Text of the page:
Siena NY-27: Collins Leads, Baseline Set
by Alan Bedenko (@BuffaloPundit) - posted 7:30 am, August 20, 2012
A week or so ago, Channel 2 and the Buffalo News commissioned Siena College’s Research Institute to survey 628 likely voters in the newly constituted NY-27. The headlines revealed that Collins leads Hochul by a very slim margin – within the 3.9% margin of error. (Collins: 47%, Hochul 45%, 7% unsure). This comes as no surprise to anyone, given the fact that the district is largely populated in Erie County’s suburbs, where Collins finds his base, and because of the heavy GOP advantage within that geography.
The sample consists of 32% Democrats, 41% Republicans, 26% independent or other (not to be confused with the execrable, transactional “Independence Party”). 42% of the sample came from Erie County, with the balance from Niagara and GLOW (Genesee, Livingston, Orleans, Wyoming).
- Hochul’s favorables are much stronger than Collins among voters outside of Erie County. Her favorable/unfavorable/dnk in Erie Co. is 54/39/8; outside of the county it’s 50/29/20. Collins’ are 57/38/5 in Erie, and 41/30/29.
- 54% of the survey respondents say they prefer a majority Republican congress. It’s a testament to the good job that Hochul’s doing that 45% would like to re-elect Hochul to Congress, versus 40% who wouldn’t, and 14% who have no clue.
- President Obama isn’t too popular in the district, with 56% saying they have an unfavorable opinion of him. Obama would lose the district 53-41 if the election was held during the survey period. Cuomo’s favorable rating is 66%.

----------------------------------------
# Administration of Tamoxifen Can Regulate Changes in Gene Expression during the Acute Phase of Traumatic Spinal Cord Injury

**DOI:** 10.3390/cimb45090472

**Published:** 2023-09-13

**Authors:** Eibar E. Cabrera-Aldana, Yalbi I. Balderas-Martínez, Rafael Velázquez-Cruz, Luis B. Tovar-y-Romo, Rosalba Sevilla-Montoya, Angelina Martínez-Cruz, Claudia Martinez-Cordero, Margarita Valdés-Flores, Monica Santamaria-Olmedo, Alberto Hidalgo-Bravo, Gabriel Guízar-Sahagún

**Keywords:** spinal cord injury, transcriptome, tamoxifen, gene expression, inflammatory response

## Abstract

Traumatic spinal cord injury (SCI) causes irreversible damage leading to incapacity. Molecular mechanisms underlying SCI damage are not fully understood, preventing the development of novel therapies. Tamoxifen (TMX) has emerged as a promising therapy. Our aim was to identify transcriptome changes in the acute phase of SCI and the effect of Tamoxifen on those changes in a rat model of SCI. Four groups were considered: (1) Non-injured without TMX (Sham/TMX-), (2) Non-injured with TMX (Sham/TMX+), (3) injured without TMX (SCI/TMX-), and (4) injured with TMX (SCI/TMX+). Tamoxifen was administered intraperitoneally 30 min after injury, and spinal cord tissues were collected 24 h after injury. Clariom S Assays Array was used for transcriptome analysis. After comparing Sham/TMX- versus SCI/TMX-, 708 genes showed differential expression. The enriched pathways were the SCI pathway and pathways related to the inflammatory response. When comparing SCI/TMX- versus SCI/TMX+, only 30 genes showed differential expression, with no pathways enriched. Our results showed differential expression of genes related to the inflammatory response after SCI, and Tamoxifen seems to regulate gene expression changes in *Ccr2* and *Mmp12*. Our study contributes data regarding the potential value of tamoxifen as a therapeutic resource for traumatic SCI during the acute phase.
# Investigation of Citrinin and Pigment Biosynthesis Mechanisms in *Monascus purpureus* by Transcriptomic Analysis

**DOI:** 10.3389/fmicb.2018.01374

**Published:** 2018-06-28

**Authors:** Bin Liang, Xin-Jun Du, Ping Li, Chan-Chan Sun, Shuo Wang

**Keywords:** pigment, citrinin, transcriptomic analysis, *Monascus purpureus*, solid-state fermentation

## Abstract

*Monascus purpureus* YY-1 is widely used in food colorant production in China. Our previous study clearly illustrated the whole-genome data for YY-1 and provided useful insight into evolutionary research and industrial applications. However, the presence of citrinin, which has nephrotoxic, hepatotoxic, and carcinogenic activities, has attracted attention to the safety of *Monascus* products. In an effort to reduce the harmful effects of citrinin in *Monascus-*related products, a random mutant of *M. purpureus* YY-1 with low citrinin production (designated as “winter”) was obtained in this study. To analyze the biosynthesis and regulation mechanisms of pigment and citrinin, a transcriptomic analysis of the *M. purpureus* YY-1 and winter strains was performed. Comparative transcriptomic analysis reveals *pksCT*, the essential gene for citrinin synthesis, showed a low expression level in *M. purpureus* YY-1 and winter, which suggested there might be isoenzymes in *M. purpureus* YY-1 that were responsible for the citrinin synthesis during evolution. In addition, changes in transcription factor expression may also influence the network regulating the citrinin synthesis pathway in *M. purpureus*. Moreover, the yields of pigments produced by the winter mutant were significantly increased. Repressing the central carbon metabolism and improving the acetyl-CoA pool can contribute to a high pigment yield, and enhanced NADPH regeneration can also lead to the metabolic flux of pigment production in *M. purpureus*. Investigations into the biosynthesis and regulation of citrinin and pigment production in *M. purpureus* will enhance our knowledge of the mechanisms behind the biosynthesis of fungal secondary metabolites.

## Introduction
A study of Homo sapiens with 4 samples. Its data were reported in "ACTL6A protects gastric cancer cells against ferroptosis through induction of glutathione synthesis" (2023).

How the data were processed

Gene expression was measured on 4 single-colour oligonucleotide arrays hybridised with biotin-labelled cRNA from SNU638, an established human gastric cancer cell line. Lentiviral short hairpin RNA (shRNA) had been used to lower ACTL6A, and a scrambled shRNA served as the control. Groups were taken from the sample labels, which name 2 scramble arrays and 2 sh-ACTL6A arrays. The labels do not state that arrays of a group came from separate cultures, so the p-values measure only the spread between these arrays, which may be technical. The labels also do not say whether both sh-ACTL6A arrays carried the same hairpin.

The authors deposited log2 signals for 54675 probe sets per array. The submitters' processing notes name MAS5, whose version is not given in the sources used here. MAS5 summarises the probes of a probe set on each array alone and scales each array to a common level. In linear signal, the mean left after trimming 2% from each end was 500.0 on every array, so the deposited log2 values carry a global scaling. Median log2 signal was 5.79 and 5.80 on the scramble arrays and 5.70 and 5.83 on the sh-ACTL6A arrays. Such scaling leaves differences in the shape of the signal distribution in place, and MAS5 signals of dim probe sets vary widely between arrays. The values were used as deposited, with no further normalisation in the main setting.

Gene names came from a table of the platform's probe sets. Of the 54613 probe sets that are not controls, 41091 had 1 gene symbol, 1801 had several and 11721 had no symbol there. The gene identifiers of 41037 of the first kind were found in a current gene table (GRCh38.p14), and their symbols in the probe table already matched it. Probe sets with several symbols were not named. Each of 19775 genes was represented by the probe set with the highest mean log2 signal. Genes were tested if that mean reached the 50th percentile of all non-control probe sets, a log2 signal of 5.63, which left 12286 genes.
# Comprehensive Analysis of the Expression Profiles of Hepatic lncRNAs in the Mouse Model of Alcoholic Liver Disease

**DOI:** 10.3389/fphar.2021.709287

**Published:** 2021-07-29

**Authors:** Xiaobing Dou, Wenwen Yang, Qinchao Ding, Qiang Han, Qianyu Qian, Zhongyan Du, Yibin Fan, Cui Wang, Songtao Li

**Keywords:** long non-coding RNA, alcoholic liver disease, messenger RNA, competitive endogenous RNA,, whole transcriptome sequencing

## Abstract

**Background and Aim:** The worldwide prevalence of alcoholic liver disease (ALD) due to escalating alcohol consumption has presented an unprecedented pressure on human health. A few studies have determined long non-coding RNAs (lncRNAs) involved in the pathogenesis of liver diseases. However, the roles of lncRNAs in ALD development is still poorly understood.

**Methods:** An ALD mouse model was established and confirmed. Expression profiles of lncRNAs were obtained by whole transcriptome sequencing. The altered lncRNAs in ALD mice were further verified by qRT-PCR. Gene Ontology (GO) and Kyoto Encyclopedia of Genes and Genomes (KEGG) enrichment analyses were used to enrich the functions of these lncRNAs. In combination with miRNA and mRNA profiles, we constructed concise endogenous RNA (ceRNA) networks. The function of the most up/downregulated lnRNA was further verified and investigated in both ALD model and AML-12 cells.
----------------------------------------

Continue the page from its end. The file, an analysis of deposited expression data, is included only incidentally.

- Senator Kirsten Gillibrand has a 47% favorability rating, 35% unfavorable, and 18% don’t know. Astonishingly, her Republican opponent’s ratings are 15% favorable, 14% unfavorable, and a whopping 71% don’t know. Nevertheless, when the survey asks voters whether they’d vote for Gilibrand “on the Democratic line”, or Long “on the Republican line”, the result is 49% Gillibrand, 40% Long, and 11% don’t know.
- 50% of NY-27 voters would like the Bush tax cuts repealed for amounts earned in excess of $250,000. 47% oppose a repeal, and 4% were holding the phone backwards.
- The top issues are jobs, the deficit, and health care, and voters prefer Collins by a slim margin on all three of those issues. Hochul is preferred on the Afghan war and education. Inexplicably, Medicare was not part of the questioning.
- 46% of respondents think Hochul would do a better job than Collins in representing the district’s interests. 42% prefer Collins, while 12% like turtles.
It’s a very tight race, and the coming TV ads are going to bombard us with information that’s carefully tailored to move the needle on these issues one way or another. The last time Siena gave Collins news that he was in a dead heat, he sent out current Comptroller candidate Stefan Mychajliw to denigrate Siena and its mother as “fictitious, inaccurate, and worthless” to anyone would would listen (read: Bob McCarthy).
Hochul’s big challenge? Corwin wasn’t anywhere near as well-known or well-regarded as Collins throughout the district. Whereas Corwin came across just as aloof and arrogant as Collins, perhaps there’s more than just a hint of sexism at play, since voters seem willing to accept much boorish behavior from the Six Sigma enthusiast than from Assemblywoman Corwin, whom Hochul obliterated in favorability with each passing day during the 2011 race.
Hochul needs to get out in front of the Medicare issue, and she needs to start making Collins look like the bad guy he really is. I would be shocked if Collins himself didn’t give her the assist by doing or saying a string of absolutely horrible, head-shaking things.
In May 2011, Hochul defeated Corwin 47 – 43%. What we’ve learned from the Corwin campaign and the Collins race against Poloncarz, when the Collins crew is faced with a credible and well-funded candidate, they get too cocky by half and screw it all up. With Collins’ recent declaration that 25 pages’ worth of his tax schedules and worksheets are too much for our feeble minds to handle, it looks like not a lot has changed.